Golf Courses Remain Closed in Pennsylvania

COVID-19 affecting golf business & local charities

Jeff Hathhorn
April 01, 2020 - 10:35 am
Manor Valley GC picture


I’m not debating whether or not that is a good decision, rather pointing out it is another industry suffering from the global pandemic.

The WestPenn Golf Association estimates the sport brings in billions of dollars to the Pennsylvania economy and supports our communities in other ways.

Many, if not most, of the charities either based in our area, or having chapters in our area, count on the revenue from golf outings.  Amounts raised can vary from hundreds, to thousands, to tens of thousands, to high-end, hundreds of thousands of dollars.

“I know there are bigger things in the world, obviously everybody is worried about family and friend’s health and we certainly worry about that as well,” Manor Valley golf course owner Vince DeAugustine said on the Fan Golf Show.  “They are doing their best to raise money and take time out of their day to hold golf events.  It looks more and more every day that these events are going to be delayed.  No they are going to be cancelled.”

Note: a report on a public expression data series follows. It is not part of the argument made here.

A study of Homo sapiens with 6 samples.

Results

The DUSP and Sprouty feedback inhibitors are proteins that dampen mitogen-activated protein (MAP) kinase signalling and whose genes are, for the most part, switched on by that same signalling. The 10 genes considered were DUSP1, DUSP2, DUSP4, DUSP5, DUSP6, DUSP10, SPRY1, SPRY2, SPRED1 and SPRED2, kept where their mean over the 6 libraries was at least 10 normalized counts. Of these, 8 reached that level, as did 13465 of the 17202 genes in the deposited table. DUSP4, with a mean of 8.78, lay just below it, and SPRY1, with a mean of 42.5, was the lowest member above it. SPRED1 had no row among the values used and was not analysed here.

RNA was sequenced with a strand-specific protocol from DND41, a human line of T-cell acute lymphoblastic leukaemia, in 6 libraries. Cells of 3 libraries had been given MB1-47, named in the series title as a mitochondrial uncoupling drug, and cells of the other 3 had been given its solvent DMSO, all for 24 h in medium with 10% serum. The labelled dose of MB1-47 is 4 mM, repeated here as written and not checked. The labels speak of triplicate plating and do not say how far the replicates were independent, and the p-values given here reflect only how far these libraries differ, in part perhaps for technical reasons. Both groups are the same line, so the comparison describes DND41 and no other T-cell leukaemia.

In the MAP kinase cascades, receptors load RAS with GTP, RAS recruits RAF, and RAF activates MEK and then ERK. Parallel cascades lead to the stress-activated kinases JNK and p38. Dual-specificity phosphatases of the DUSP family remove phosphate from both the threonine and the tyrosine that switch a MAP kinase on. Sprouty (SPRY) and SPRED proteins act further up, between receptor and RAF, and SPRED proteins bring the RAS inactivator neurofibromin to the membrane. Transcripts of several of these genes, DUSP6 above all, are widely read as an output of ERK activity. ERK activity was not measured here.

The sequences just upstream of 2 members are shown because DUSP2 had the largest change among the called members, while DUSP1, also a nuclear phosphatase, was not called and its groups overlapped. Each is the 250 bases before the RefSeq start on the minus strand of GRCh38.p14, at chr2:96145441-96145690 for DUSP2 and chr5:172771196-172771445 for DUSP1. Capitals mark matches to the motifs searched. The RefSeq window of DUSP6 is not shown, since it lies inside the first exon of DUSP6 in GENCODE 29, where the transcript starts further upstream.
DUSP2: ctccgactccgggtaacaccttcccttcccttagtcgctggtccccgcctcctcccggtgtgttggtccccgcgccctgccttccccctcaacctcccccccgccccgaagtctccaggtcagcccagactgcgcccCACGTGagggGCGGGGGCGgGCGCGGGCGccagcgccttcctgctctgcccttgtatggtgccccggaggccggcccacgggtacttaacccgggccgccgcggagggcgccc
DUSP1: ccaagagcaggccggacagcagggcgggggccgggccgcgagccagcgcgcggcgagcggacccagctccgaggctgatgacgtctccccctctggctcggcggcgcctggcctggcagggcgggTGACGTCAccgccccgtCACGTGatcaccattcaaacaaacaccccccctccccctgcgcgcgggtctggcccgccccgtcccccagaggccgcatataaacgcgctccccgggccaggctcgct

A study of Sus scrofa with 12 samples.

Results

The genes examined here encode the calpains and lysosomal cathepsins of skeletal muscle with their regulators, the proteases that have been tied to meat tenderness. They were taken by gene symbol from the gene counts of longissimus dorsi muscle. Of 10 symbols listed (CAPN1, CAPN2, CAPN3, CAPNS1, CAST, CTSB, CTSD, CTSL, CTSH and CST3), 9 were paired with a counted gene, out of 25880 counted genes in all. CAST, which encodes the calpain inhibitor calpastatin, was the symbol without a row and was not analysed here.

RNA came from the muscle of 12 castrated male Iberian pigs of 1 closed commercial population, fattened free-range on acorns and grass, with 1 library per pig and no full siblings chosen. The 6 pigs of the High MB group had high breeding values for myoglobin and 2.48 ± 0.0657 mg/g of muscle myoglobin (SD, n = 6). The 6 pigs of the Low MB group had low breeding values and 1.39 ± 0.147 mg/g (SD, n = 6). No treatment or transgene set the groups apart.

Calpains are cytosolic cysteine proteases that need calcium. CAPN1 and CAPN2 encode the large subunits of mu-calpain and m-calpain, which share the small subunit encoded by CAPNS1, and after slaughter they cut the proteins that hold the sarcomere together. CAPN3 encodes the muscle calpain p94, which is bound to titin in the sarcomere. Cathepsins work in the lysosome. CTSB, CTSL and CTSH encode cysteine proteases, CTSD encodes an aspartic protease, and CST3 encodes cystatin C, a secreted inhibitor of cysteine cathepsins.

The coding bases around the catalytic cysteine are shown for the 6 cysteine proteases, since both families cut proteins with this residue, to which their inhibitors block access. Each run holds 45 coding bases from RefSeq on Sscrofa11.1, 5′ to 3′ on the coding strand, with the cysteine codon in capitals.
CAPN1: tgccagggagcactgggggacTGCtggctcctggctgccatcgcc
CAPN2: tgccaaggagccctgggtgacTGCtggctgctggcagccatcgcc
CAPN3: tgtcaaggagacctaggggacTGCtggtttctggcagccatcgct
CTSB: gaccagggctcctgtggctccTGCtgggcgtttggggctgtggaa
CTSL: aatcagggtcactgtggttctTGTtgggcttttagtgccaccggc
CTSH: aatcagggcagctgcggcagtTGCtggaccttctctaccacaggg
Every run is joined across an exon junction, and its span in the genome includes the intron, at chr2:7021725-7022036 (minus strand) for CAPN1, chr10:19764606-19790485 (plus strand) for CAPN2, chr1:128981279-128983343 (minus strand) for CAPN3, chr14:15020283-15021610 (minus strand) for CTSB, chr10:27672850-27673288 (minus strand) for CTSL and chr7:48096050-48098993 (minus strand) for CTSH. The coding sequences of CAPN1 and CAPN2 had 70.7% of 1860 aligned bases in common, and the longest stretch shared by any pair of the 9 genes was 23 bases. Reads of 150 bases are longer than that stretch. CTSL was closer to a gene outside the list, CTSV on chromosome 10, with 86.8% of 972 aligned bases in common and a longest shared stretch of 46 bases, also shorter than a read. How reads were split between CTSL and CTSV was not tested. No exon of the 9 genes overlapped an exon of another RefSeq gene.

The reason they likely would be cancelled is a matter of time and space. 

Many courses are already booked months in advance and while owners could have some middays available, either they run into already scheduled leagues or the undesirability of trying to get people to free up a random Tuesday or Wednesday in their week for a charity golf event.

Now we not only get into affecting the charity, but affecting the health of the golf course business itself.

“At our place, we just added a banquet facility and we’ve done everything we possibly could to make it an attraction for customers and members,” DeAugustine said. 

“But I don’t think anybody knows what the economic fallout will be from this whole situation.”